AmE I should have never done it = BrE I should never have done itNo, I've not/I haven't discussed it, but John Algeo has in his book British or American English?
- I don't think you've discussed this one, have you?
Adverbs of frequency (generally, never, usually), like those of probability, tend to occur in medial position, after the first auxiliary, if there is one. However, with these also American has a higher tolerance for placement before the first auxiliary than does British: She usually is at work from nine to five versus She is usually at work from nine to five.Concise response!
I'd feel a bit bad about such a short post, though, so here's another never fact. Algeo lists a "distinctively British" sense of never: 'not by any means'. He gives an example from a David Lodge novel (I hear the protagonist of the latest is a linguist...): "You're never Vic Wilcox's shadow?"
A little snooping on the internet brings up an abstract for a 2008 paper by David Willis (or by Anne Breitbarth, Christopher Lucas and David Willis) that comments a bit more on this:
There are a number of contexts in Present-Day English where never marks sentential negation rather than negation quantified over time:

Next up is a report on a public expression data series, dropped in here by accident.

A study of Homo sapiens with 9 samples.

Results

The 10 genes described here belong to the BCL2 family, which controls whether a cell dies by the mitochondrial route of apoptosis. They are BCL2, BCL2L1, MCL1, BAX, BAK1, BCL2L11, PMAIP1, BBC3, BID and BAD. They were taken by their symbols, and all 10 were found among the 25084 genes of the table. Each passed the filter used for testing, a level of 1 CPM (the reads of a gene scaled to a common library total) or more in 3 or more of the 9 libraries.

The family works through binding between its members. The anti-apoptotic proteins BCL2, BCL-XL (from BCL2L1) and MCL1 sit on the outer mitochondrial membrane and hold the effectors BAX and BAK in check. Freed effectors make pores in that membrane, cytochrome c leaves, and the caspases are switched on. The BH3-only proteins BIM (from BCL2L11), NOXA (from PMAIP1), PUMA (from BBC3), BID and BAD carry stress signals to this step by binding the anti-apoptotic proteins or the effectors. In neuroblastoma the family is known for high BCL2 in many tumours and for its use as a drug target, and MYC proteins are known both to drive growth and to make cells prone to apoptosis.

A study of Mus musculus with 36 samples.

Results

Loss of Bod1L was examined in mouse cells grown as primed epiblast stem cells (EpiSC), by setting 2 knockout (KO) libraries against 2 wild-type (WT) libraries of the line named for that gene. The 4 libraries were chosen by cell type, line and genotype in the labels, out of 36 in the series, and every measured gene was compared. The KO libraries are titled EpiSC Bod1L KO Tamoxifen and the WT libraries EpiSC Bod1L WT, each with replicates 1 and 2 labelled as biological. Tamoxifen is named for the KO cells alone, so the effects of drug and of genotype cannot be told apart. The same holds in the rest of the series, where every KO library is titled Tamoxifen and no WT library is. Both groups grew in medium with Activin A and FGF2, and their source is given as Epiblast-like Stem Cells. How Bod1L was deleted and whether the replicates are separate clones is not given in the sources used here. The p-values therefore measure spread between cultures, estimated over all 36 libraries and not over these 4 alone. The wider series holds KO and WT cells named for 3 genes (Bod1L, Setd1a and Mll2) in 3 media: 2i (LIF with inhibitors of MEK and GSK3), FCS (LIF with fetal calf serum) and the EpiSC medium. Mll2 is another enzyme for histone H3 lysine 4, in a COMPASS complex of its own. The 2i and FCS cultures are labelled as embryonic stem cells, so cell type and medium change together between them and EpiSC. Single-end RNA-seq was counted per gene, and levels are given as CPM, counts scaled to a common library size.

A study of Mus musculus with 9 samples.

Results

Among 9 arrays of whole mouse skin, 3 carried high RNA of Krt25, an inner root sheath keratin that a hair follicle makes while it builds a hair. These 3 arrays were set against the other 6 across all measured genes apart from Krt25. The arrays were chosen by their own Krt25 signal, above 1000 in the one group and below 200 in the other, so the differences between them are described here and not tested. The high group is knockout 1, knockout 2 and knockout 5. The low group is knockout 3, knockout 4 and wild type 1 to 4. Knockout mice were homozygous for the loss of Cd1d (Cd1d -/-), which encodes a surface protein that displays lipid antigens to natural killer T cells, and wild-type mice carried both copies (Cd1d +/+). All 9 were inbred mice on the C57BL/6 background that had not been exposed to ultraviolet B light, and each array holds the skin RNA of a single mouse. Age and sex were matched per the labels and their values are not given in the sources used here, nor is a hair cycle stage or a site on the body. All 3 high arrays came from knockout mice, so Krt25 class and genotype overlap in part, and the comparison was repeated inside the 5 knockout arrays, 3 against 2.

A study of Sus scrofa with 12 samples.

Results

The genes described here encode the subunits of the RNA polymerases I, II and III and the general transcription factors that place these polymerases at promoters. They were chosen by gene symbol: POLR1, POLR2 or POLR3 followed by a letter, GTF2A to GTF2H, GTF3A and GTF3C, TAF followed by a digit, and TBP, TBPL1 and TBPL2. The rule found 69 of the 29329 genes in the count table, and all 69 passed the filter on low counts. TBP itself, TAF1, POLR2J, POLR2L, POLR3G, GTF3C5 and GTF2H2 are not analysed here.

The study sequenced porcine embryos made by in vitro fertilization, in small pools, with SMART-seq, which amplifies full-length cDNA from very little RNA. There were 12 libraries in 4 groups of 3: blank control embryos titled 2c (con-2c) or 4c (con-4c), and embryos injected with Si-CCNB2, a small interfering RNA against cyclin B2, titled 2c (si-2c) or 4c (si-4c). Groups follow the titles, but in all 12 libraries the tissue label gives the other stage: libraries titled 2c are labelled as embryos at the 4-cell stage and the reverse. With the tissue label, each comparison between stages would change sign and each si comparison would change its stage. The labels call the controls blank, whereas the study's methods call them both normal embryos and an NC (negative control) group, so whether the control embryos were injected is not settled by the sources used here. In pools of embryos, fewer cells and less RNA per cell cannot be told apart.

(1) I never stole your wallet this morning.
(2) a. You’re never her mother. b. That’s never a penalty.
In (1), unavailable in standard English but widespread in nonstandard varieties of British English, never conveys pure, but emphatic, negation in the past. In (2), possible even for many speakers who reject (1), it conveys a pragmatic meaning beyond pure negation: (2a) can be paraphrased as ‘There is no reasoning by which I can reach the conclusion that you are her mother.’ (quantification over reasons rather than time). In such cases, an inference of surprise, as in (2a), or disbelief, as in (2b), may be made.
We've already looked at special BrE use of never mind, so click the link to see more on that.
So there you go. A post with no self-revelatory anecdotes or gratuitous pictures of baby and with perhaps the lowest proportion of my own words ever! I always tell my students that if they quote their sources rather than paraphrasing in their own words (and citing the source, of course!), then they've missed out on the opportunity to demonstrate to me that they actually understood what they quoted. Oh well/never mind, I hope you'll excuse me from that demonstration--it's time for bed. And I may have fit in an anecdote or self-revelation after all.